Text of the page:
I couldn’t believe it when I got the call. Although, hopeful and eager, I knew the odds of getting my dream job right out of Teachers’ College was not likely. So, when that call came in for a homeroom class of Grade 1 students in a school close to home, I was ecstatic. That first year was full of learning, not only for my students, but for myself as well. As I settled in, my classroom became my second home. As we know, educators often spend more waking hours at school than at home. And, I loved my job, my students, co-workers and community; I landed my dream job and I wasn’t going ANYWHERE.
Or was I…
I still remember going home so upset that dreadful day in early spring when I received a letter from my school board indicating that I was redundant. What does this mean? Redundant? How did this happen? I thought. I was confused with the process and what it all meant. The staffing process can be overwhelming, confusing and a little bit scary for new and even experienced teachers. Gratefully, my Local was there to support me through the process. If you’re working through the staffing process of your board right now and unsure of anything, remember to reach out to your Local and ask questions.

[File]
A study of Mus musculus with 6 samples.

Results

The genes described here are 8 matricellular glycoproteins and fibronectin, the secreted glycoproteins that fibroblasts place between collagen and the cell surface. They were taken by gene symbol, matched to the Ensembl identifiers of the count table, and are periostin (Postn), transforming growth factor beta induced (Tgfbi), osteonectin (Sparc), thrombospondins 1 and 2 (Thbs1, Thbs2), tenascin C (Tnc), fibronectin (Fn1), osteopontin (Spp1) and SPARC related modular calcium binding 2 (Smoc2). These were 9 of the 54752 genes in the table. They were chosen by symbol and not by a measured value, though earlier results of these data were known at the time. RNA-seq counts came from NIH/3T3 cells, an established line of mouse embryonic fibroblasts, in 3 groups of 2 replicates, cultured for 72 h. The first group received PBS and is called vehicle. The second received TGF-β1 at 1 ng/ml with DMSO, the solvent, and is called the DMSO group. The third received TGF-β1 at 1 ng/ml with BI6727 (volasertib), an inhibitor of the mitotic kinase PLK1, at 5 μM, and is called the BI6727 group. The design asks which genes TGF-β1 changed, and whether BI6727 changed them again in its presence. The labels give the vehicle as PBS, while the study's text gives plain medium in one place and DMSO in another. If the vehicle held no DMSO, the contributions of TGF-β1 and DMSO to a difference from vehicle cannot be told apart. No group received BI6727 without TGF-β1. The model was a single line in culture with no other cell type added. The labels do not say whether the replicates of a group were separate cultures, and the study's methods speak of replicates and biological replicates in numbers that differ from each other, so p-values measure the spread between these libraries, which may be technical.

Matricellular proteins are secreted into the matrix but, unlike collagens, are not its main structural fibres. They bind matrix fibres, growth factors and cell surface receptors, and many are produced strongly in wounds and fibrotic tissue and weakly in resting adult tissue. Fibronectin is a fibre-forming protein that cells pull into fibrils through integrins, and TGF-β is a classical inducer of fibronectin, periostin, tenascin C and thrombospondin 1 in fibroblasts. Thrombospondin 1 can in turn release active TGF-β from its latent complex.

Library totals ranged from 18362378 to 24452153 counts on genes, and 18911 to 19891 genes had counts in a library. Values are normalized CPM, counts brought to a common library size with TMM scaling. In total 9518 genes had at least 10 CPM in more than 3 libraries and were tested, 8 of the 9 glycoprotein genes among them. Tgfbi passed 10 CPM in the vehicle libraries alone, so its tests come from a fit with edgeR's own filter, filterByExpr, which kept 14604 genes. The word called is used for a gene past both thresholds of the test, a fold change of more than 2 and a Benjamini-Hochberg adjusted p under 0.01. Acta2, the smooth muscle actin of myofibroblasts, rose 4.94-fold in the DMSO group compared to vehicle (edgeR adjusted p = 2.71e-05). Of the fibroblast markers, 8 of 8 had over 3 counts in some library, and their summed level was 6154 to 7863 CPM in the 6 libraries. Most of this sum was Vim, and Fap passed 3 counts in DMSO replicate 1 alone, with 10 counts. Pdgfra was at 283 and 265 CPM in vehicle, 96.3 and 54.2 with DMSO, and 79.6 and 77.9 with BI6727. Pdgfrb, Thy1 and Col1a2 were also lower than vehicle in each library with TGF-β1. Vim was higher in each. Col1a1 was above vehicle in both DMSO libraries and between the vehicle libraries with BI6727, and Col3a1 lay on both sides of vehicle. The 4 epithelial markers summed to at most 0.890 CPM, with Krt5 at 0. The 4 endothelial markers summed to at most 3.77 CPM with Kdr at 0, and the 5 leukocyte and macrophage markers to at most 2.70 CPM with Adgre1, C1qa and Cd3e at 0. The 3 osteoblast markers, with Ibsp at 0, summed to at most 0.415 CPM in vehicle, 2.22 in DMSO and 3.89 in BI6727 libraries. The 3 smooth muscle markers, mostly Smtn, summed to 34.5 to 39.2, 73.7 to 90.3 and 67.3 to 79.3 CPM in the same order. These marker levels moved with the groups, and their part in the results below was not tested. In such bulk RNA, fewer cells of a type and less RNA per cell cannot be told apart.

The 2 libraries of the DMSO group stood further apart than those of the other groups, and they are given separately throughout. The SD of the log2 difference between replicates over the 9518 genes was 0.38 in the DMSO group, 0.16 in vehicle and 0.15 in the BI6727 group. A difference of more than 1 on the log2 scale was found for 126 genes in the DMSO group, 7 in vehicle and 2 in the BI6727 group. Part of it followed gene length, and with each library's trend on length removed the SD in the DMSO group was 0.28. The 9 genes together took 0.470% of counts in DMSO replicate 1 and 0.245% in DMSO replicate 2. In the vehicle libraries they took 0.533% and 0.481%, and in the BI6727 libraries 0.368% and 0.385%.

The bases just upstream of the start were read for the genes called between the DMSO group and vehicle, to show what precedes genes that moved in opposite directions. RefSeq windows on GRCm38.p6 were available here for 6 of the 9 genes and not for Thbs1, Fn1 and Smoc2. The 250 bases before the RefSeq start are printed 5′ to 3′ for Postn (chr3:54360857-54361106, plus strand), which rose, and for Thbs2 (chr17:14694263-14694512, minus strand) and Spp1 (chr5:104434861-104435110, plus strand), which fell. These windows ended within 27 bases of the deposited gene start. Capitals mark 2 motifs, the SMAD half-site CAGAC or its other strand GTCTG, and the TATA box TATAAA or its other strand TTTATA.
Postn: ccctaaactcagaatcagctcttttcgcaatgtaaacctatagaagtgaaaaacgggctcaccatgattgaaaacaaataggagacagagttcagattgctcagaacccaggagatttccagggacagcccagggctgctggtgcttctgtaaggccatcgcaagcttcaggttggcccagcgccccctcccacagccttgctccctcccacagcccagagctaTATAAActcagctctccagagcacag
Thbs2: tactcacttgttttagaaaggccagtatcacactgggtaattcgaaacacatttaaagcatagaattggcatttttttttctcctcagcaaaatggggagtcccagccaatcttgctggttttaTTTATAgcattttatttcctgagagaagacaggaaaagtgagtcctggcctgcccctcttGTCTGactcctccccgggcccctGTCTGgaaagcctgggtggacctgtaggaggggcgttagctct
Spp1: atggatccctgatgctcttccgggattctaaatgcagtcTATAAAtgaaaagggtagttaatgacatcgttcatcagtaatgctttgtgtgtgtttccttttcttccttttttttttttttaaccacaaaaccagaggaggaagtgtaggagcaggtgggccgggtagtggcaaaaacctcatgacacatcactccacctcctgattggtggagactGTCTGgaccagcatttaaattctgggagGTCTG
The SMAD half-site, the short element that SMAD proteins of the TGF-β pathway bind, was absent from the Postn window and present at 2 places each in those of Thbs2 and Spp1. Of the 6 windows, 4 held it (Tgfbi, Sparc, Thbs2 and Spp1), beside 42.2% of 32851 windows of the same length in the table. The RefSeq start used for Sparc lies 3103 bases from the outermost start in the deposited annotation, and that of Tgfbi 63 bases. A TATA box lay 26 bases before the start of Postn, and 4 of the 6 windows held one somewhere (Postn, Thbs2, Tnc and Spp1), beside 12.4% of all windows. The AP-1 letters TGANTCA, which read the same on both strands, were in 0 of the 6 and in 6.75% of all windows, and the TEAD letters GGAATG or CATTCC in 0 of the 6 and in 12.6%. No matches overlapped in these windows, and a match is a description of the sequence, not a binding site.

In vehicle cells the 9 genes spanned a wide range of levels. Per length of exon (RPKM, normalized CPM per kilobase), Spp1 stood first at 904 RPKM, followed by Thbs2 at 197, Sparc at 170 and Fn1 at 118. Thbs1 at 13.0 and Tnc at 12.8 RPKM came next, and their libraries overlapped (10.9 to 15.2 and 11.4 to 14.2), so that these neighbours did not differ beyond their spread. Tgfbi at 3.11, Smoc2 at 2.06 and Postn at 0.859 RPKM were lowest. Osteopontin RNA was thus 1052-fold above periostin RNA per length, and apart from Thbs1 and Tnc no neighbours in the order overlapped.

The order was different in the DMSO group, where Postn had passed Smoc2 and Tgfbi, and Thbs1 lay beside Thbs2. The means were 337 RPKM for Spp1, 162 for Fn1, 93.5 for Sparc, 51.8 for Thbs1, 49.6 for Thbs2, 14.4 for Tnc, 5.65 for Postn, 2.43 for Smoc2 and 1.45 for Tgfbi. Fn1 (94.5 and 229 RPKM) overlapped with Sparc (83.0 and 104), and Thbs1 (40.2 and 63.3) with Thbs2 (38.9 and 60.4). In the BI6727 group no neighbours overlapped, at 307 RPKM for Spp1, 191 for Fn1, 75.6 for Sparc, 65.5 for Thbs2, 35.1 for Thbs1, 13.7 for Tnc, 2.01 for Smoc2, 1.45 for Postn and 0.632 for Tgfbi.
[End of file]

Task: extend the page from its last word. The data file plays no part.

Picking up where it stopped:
Since that first year, I experienced many other unplanned changes to my job assignment depending on the needs of the school. One year, as a result of being surplus, I took a junior homeroom teacher position with the hopes of getting back into the primary division, preferring Grade 1. Although initially unwelcomed, that change, among others, opened my eyes to the variety of teaching roles within my board.
Intermediate Student Success Teacher, Music, Physical Education, and Dance teacher, and recently providing preparation coverage/planning time to our Special Education, Self-Contained Classrooms are not roles I ever thought I’d do. Truthfully if some of those initially unwelcomed changes early in my career didn’t happen, who knows if I would have taken those opportunities as they came up. When I started my career I had little interest in teaching anything other than primary homeroom. I certainly didn’t want to work outside a traditional classroom setting.
Experience in different teaching roles throughout my career has allowed me to truly grow and learn as an educator. While the changes, especially early in my career, were hard to accept, I am glad I did and now embrace these changes and challenge myself in learning new roles. In fact, in September I will take on yet a different role within my school and look forward to learning and growing with my students.
If you are new to teaching or have been doing the same thing for years, I encourage you to explore other teaching roles and see what is out there – You might surprise yourself!